After driving 25 electric vehicles, these are my 7 favorites
I've tested 25 electric cars from Tesla, Mercedes, Hyundai, Ford, and more.
Seven vehicles stand out as my current favorites.
Some of my favorite EVs come from Porsche, Pininfarina, and Rivian.
When someone finds out that I test electric cars for a living, their next question most often is: "So what's been your favorite?"
Picking an absolute favorite is tough, since I've had so many memorable experiences with so many interesting vehicles. But looking back at hours sampling more than two-dozen battery-powered rides, I've narrowed it down to a handful.
These aren't necessarily the objective best picks on the market, they're just the ones that stand out to me, according to my personal tastes.
Driving a $2.2 million supercar left an impression? Shocking, I know.
The Battista is the very first model from Pininfarina, a new automaker that spun out of the renowned Italian design house of the same name. And Pininfarina has landed on the map with a masterpiece.
The Battista has four motors (most electric cars have one or two) and cranks out a certifiably bonkers 1,900 horsepower. Pininfarina achieved a 0-60-mph time of 1.79 seconds, which it says makes the Battista the quickest production car in the world.
It's difficult to describe how nuts this feels in practice, but I'll try. When you switch the Battista into its most aggressive "Furiosa" mode and floor it, your surroundings instantly turn into a blurry mess as you relentlessly pick up speed. It's only once you start slowing down that your brain starts to process what the heck just happened.
Never heard of the Battista? That's understandable. Pininfarina only plans to make 150 of them, and you weren't on the list.
California startup Rivian is working hard to be the next Tesla, and its incredibly impressive first model tells me it has a shot.
Rivian caters to an outdoorsy clientele — kind of like an electric version of Jeep or Land Rover — so it gave the R1T pickup truck tremendous off-roading prowess. An advanced four-wheel-drive system, adjustable-height suspension, and tons of power and torque mean the R1T can scramble, crawl, or climb over practically anything you throw at it.
Plus, Rivian took the opportunity to develop something totally novel and ran with it. The R1T has a unique Gear Tunnel, a cargo area that runs horizontally behind the rear seats and is accessed from either side of the truck. It has a generously sized frunk. It has a built-in flashlight and bluetooth speaker, plus a minimalist interior and a large, tech-packed touchscreen.
Hyundai Ioniq 5
Here's something more attainable than a seven-figure supercar or a $90,000 pickup.
The Ioniq 5 stole my heart with its squat stance and cyberpunk looks. Hard angles and crisp edges are coming back to car design, and I for one am here for it.
On top of looking straight out of a 1980s sci-fi movie, the Ioniq 5 features a clean interior, more than 300 miles of range in some trims, and a starting price of just over $40,000. Sure, that's not cheap, but remember that the average electric car sells for north of $50,000 these days.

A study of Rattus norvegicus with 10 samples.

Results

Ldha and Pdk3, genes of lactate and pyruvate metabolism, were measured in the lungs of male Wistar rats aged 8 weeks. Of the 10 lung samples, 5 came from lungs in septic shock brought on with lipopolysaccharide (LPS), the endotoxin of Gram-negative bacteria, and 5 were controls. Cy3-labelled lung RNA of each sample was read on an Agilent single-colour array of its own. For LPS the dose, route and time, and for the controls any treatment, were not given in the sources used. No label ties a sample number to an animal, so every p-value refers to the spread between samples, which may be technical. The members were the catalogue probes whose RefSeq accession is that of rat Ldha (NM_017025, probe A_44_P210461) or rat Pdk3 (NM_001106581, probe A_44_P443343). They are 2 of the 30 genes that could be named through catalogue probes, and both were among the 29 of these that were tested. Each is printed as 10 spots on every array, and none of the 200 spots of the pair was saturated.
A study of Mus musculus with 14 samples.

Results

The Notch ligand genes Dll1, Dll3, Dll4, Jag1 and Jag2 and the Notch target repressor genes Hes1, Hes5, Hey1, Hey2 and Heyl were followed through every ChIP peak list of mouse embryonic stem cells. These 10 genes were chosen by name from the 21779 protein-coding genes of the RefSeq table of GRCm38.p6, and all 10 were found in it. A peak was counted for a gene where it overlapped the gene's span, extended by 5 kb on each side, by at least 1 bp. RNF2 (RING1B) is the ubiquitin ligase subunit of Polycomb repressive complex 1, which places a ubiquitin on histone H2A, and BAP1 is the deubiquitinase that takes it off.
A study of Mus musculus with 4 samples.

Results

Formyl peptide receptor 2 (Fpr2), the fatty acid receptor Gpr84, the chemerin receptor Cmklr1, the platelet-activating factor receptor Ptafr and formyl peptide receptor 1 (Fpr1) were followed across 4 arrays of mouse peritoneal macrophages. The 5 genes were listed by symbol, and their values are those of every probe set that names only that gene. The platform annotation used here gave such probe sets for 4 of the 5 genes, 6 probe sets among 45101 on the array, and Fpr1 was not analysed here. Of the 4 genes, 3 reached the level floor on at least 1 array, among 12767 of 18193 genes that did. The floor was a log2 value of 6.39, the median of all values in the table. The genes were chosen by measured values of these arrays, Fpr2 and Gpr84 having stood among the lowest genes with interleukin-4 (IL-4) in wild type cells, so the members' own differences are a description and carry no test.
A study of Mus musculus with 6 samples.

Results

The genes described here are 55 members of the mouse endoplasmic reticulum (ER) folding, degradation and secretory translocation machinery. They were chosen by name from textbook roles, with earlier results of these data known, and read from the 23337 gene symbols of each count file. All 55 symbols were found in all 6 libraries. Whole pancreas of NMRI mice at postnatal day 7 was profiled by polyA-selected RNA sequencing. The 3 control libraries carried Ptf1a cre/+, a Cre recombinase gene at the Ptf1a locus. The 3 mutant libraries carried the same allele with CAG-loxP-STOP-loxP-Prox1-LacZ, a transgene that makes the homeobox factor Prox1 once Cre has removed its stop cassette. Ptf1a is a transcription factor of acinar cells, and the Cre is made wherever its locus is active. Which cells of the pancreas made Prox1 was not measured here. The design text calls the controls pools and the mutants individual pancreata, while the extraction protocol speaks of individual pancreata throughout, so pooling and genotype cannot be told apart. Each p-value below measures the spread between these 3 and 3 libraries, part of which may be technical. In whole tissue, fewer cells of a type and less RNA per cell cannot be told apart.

Porsche Taycan Cross Turismo Turbo S
This is a $200,000 Porsche station wagon with 750 horsepower and a 0-60-mph time of 2.7 seconds. Need I say more?
I didn't expect to like the BMW iX nearly as much as I did. I mean, it isn't exactly a looker in the traditional sense.
But in person it's striking and has a certain drama to it — even with the beaver teeth up front.
It's when you climb inside the iX that the $87,000 SUV really shows its stuff. The nicely optioned, $96,000 test car I drove had an interior full of supple leather, swanky gold accents, and a sunroof that tints at the press of a button. A supremely quiet cabin insulates you from the noisy streets, while massaging seats melt the stress away.
And the iX can be a rocketship when you ask it to. Stomp the throttle and all of its 516 horsepower comes to life.
Tesla Model Y
Last year, I got the opportunity to drive Tesla's hugely popular Model Y and see what all the hype is about.
I loved its spacious interior, vast amounts of cargo space, sprawling glass roof, and minimalist aesthetic. Plus, even though I didn't drive the sportier Performance model, that sucker was quick. Charging was a delight, thanks to Tesla's remarkably convenient and easy-to-use Supercharger network. All I did was pull up to a stall and plug in. It was a refreshing change from the often-frustrating process of charging other cars on other networks.
While the big touchscreen that controls practically all vehicle functions might not be for everyone, I think I could get used to it. I didn't love having to glance away from the road to adjust the A/C but I had fun messing around with the Tesla's games, web browser, and surveillance system.
Money can't buy you happiness. But it can definitely buy you comfort in the form of a Mercedes-Benz EQS.
The top-of-the-line EQS 580 model I drove cost $141,000 and delivered a buttery-smooth ride, dazzling 56-inch screen, and breathakingly luxurious interior. A healthy 340 miles of range means you can spend practically all day in the EQS — and you'll be tempted to.